Saturday, February 21, 2004

Science lessons on wheels

Schools can choose among COSI's learn-by-doing adventures

By Emily Hagedorn
Enquirer contributor

At Yealey Elementary, Tyler Orling (left) and Blake Ingolia test how many hockey pucks they can stack onto a piece of foam. The third-graders were participating in a COSI traveling program. This lesson focused on structure, architecture and buildings.
FLORENCE - With a look of utter excitement and determination, Connor Brossart strained to hold up the foam structure as his fellow kindergartners placed the remaining blocks in their 5-foot-tall arch.

Connor carefully stepped back, looking up after the keystone was placed.

While he can't spell his last name, he can now explain the concept of compression.

Connor and other students at A.M. Yealey Elementary School witnessed scientific concepts in action Friday as part of the Columbus Center of Science and Technology's outreach program, COSI on Wheels.

The hands-on style is "inquiry-based" - it teaches students how to think, ask questions and look beyond the obvious, said Patricia Lee, a spokeswoman at the American Association for the Advancement of Science in Washington.

Beechwood Elementary School in Fort Mitchell has taken part in the 20-year-old COSI on Wheels program many times, said Trudy Weiss Craig, Beechwood's PTSA co-chairwoman of culture arts.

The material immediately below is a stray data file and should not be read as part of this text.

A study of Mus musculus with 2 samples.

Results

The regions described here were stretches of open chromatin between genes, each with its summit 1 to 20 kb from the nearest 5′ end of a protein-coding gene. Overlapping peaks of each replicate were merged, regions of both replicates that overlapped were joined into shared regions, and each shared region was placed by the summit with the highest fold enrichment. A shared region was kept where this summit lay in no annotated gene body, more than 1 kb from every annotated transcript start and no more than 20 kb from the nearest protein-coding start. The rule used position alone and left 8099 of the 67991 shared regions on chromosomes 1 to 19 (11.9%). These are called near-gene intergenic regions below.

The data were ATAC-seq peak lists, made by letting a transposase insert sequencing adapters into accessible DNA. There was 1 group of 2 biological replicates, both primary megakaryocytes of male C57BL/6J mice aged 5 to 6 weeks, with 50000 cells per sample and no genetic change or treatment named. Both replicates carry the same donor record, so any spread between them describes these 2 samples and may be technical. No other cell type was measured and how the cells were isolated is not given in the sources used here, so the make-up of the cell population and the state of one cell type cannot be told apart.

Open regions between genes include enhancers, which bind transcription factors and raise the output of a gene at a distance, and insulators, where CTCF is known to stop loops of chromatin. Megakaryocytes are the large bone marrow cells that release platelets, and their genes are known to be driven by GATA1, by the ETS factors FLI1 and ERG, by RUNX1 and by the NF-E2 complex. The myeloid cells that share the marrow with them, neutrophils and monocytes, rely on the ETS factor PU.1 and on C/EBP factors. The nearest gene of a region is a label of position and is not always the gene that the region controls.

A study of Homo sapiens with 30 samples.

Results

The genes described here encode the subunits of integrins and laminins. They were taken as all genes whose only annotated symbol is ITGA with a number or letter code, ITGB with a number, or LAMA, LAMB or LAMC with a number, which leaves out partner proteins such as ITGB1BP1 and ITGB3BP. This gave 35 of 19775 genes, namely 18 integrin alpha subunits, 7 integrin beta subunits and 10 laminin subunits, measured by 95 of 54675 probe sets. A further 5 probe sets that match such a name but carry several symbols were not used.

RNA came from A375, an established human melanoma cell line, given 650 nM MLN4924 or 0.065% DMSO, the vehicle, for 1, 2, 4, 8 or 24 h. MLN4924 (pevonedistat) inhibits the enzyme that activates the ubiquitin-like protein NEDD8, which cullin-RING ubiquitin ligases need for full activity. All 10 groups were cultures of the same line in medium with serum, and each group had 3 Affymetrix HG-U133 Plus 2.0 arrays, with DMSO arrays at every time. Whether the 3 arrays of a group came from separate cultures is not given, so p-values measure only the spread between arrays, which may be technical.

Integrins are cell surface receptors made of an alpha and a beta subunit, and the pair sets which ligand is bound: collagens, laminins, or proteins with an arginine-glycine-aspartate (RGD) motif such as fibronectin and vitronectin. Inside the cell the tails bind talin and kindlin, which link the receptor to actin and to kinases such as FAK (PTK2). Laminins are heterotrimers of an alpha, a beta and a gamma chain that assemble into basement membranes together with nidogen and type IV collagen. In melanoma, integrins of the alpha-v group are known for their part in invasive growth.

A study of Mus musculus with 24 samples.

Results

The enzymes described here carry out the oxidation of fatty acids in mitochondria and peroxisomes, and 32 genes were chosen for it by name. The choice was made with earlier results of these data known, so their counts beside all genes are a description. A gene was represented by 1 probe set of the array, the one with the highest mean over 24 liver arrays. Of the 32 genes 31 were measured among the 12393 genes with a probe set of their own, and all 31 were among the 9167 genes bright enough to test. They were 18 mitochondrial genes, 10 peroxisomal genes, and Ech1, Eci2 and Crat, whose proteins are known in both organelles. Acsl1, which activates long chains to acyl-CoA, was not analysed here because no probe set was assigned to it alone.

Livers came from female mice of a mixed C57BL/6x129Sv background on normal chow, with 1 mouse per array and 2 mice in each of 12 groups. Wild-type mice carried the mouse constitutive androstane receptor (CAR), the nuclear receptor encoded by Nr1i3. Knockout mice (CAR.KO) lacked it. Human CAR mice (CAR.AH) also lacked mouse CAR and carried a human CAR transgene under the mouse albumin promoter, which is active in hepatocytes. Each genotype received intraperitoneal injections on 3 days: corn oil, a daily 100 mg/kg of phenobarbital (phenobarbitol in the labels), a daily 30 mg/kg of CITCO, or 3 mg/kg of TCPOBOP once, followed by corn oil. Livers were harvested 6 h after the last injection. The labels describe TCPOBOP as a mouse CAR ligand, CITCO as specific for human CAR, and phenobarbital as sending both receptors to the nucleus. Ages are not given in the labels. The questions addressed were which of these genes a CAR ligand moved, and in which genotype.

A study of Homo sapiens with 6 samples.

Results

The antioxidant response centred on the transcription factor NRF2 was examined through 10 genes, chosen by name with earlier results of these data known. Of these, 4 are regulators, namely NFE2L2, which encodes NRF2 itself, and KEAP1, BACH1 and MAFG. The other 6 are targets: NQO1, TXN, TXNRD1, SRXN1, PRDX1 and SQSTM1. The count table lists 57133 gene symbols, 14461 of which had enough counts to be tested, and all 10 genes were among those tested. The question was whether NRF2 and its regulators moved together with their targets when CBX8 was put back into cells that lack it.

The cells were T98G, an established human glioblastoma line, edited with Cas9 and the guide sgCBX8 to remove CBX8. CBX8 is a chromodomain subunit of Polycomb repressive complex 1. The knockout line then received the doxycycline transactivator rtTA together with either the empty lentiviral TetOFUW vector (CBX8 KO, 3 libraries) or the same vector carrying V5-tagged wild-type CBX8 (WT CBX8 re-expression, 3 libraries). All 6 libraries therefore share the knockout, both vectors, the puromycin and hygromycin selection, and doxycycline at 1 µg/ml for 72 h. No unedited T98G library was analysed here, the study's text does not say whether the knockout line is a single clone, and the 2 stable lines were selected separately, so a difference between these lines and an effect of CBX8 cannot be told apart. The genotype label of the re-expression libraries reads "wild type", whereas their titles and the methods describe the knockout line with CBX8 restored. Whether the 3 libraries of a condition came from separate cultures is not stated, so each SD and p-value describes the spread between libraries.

Last year, Beechwood students made electrical circuits, she said.

Schools can choose from eight programs, which include making a take-home container of slime in the chemistry program, completing a task with "space gloves" and keeping pests away from crops in the agricultural program.

When COSI on Wheels comes to schools, it hosts a general assembly, and students go to about eight hands-on exhibits with the help of school volunteers.

COSI on Wheels also visited Union's New Haven Elementary School last December, where students learned Newton's laws of motion and gravity by looking at sports. At Fairfield North Elementary in Fairfield Township, students were able to imagine what it would be like to be an animal caught in a plastic ring from a six-pack of soda.

"It's not pretty fun sitting in class and doing stuff," Connor said. "I like this because you get to do stuff."